KU Cancer Center achieves ‘comprehensive’ designation, awarded $13.8 million grant

Senator Jerry Moran announced that the KU Cancer Center received a comprehensive designation...
Senator Jerry Moran announced that the KU Cancer Center received a comprehensive designation from the National Cancer Institute.(Taylor Johnson, KCTV5)
Published: Jul. 7, 2022 at 11:27 AM CDT

The cancer center was designated as a “comprehensive” cancer center by the National Cancer Institute and awarded a five-year, $13.8 million grant to support the center’s research programs, shared equipment and resources.

“Nearly 20 years ago, this entire community joined together and decided that national designation, and ultimately Comprehensive designation, of our cancer center was our top priority as a region. It was our moonshot,” said KU chancellor Douglas Girod said in a statement. “Well, today we’ve landed on the moon, so to speak. What was once a dream is now a reality. And that reality means better patient care, better health outcomes and better research. And it means we are one step closer to our ultimate goal – which is to rid our society of cancer so that we all have the opportunity to live happier, healthier lives.”

The KU Cancer Center is now just one of 53 comprehensive cancer centers designated by the NCI and will have increased access to federal funding and research money.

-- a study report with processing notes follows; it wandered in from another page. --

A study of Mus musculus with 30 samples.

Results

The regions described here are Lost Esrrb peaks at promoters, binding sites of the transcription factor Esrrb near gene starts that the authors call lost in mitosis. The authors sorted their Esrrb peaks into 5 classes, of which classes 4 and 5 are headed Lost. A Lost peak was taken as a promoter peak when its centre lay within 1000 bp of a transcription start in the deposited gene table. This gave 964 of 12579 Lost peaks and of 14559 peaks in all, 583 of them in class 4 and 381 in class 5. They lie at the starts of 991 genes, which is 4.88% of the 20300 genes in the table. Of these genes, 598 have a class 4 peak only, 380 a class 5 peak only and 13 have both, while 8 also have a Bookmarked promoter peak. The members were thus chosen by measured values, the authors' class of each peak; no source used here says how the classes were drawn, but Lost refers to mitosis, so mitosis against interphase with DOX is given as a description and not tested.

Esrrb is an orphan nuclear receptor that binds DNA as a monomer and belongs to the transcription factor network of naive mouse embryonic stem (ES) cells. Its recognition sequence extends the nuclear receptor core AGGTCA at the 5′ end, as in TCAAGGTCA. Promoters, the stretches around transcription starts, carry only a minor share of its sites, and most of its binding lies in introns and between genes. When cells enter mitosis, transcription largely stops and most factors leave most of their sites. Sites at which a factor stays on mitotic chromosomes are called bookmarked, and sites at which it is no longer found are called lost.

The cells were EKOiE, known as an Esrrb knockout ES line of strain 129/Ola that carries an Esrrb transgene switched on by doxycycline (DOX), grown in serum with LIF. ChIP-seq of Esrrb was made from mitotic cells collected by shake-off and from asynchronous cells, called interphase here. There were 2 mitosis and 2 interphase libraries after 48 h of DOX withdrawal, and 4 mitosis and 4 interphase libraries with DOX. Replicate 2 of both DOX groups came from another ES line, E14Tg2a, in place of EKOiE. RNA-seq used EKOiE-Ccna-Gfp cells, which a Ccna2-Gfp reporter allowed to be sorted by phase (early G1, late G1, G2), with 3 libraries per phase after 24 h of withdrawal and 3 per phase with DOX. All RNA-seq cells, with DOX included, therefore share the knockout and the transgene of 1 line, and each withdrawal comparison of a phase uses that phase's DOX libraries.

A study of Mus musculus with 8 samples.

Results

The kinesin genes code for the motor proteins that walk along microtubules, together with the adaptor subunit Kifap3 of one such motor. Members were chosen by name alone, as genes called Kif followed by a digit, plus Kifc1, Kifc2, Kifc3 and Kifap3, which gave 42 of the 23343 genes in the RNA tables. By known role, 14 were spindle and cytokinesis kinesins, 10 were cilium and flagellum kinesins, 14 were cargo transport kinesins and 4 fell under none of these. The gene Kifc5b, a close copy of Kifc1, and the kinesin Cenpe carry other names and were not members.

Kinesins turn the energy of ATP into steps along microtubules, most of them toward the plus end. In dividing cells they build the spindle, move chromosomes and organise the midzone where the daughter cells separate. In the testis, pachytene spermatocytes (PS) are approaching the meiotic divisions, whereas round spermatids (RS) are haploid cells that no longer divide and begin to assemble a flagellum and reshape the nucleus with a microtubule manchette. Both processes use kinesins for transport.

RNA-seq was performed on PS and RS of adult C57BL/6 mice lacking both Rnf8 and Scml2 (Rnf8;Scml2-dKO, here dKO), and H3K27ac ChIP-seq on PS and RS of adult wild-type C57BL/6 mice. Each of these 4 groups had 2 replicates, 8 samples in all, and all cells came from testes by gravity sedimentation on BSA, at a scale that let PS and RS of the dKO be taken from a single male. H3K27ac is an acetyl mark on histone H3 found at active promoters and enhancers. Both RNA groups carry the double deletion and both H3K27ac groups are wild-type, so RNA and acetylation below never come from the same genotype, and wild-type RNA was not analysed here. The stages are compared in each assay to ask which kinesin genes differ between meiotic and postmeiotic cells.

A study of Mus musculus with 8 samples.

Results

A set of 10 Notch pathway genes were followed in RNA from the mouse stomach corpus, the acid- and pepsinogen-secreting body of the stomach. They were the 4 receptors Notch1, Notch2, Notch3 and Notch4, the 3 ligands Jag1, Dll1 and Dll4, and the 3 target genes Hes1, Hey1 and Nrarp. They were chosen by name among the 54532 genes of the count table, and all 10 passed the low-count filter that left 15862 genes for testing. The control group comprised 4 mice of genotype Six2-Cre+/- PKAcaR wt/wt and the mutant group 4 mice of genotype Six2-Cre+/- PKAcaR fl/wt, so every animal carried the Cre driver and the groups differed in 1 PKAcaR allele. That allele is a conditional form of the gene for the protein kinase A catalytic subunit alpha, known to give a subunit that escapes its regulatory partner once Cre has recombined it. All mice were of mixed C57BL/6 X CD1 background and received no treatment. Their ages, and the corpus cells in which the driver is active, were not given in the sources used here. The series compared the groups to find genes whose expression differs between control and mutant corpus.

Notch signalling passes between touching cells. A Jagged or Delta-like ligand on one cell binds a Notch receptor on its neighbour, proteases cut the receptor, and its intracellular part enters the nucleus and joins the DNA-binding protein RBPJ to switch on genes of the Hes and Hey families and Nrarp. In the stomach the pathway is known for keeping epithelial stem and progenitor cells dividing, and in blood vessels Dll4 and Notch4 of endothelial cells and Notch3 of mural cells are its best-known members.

“Comprehensive designation is a crucial milestone in our journey to conquer all cancers,” said Roy Jensen, M.D., director of the KU Cancer Center. “You might ask, ‘What does Comprehensive designation mean for people with cancer?’ As one of just 53 NCI-designated Comprehensive Cancer Centers in the nation, it means patients will be cared for by the world’s leading cancer experts who have access to a robust portfolio of clinical trials. It also means we now have increased access to more federal funding and research dollars, which helps us grow and retain our team of internationally renowned researchers and physician-scientists.”

The University of Kansas Cancer Center has nearly 350 researchers and 150 disease-specific oncologists. They conduct all phases of cancer research, from laboratory studies to clinical trials to population-based studies that address environmental and behavioral factors that contribute to cancer, according to a news release.

Research operations at the KU Cancer Center have already contributed an estimated $2.5 billion in economic impact to the region since 2007 when the center began working toward NCI designation in earnest. It’s estimated that those numbers will only increase with the anticipated expansion that will accompany the KU Cancer Center achieving Comprehensive designation. University leaders note that the growth of the cancer center has contributed to additional advancements at the university.